September 10, 2014

Your asset allocation guide – September 2014

There are options to consider when allocating property to your portfolio. NAB Private Wealth aligns its views with those of institutional investors and favours core unlisted commercial property, with low to moderate gearing, rather than listed property securities or residential property.

Our asset allocation recommendations contain suggested exposures to property.  However, investors have many options when they consider an allocation to property in their portfolio.

They can buy commercial properties or invest in a managed fund that buys unlisted commercial properties, or they can buy property securities traded on the stock exchange. Investors may also own residential investment property directly, or through a self-managed superannuation fund.   So, what do we mean when we talk about property, and should all property types be treated the same? For example, should listed property securities be viewed as property or shares, and will a leveraged residential investment property provide all the risk, return and diversification benefits that are required in a diversified portfolio?

Many advisers argue that listed property securities (for example, Westfield Group) should be viewed as just another listed industry sector – much like retailers or media companies, which are also listed on the stock exchange.  And since many Australian share funds invest in property stocks anyway, you still get exposure to property securities through your allocation of Australian or international shares.

Moving to residential property, many of us are already heavily exposed to this asset class, and rental yields are either very low or negative (if geared). Therefore, it isn’t necessarily providing income or diversification, particularly if house prices are linked to interest rate cycles.

As such, our views tend to align with those of institutional investors. We believe the best form of property investment is core unlisted commercial property with low to moderate gearing, rather than property securities or residential property. This view was vindicated during the Global Financial Crisis, when securities in highly leveraged, listed property companies – such as Centro and GPT – plummeted with equities markets. By contrast, core unlisted commercial properties retained their values, maintained their rental income streams and provided strong portfolio diversification.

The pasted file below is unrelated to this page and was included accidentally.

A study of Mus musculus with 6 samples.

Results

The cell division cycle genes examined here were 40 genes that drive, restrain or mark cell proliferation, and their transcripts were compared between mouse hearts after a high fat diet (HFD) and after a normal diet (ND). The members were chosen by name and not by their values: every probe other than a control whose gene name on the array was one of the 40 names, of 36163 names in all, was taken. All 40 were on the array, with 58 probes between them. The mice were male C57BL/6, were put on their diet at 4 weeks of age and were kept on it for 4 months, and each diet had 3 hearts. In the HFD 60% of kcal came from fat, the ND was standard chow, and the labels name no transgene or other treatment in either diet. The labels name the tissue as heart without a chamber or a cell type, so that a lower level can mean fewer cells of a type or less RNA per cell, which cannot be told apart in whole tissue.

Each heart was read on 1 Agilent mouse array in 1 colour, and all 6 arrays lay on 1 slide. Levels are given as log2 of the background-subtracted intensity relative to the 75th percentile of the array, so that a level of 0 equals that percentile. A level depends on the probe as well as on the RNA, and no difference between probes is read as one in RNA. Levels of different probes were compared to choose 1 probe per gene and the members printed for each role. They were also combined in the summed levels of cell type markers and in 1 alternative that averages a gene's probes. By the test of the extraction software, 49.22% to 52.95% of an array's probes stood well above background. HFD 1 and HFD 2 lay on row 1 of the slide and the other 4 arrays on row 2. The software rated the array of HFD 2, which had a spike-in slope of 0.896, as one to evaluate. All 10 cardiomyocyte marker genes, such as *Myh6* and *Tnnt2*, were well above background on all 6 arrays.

Our asset allocation summary:

  • Cash: Hold a slight overweight position until better opportunities emerge. We suggest term deposits out to two years are preferred over at-call cash.
  • Fixed income: We suggest an overweight position. Developed world government bonds are expensive and offer poor absolute value, so we prefer products with limited interest rate risk. Consider an equal split between Australian and (hedged) international bonds.
  • Australian equities: Remain underweight. Valuations are somewhat stretched and growth is lower than in other markets, meaning attractive opportunities in the Australian share market are harder to find.
  • International equities: Given higher valuations in developed market shares, hold a neutral weighting. An unhedged allocation gives some protection if global growth disappoints as the currency is likely to decline. Emerging markets are relatively cheap, so maintain exposure either directly or indirectly through the emerging markets earnings of global companies.
  • Alternatives: Maintain a neutral allocation until opportunities emerge.
  • Property: Hold a neutral allocation to commercial property. Demand for core property is robust and rental growth fundamentals should improve. At current pricing, Australian and international property appears fair value.

For further analysis, download the full report.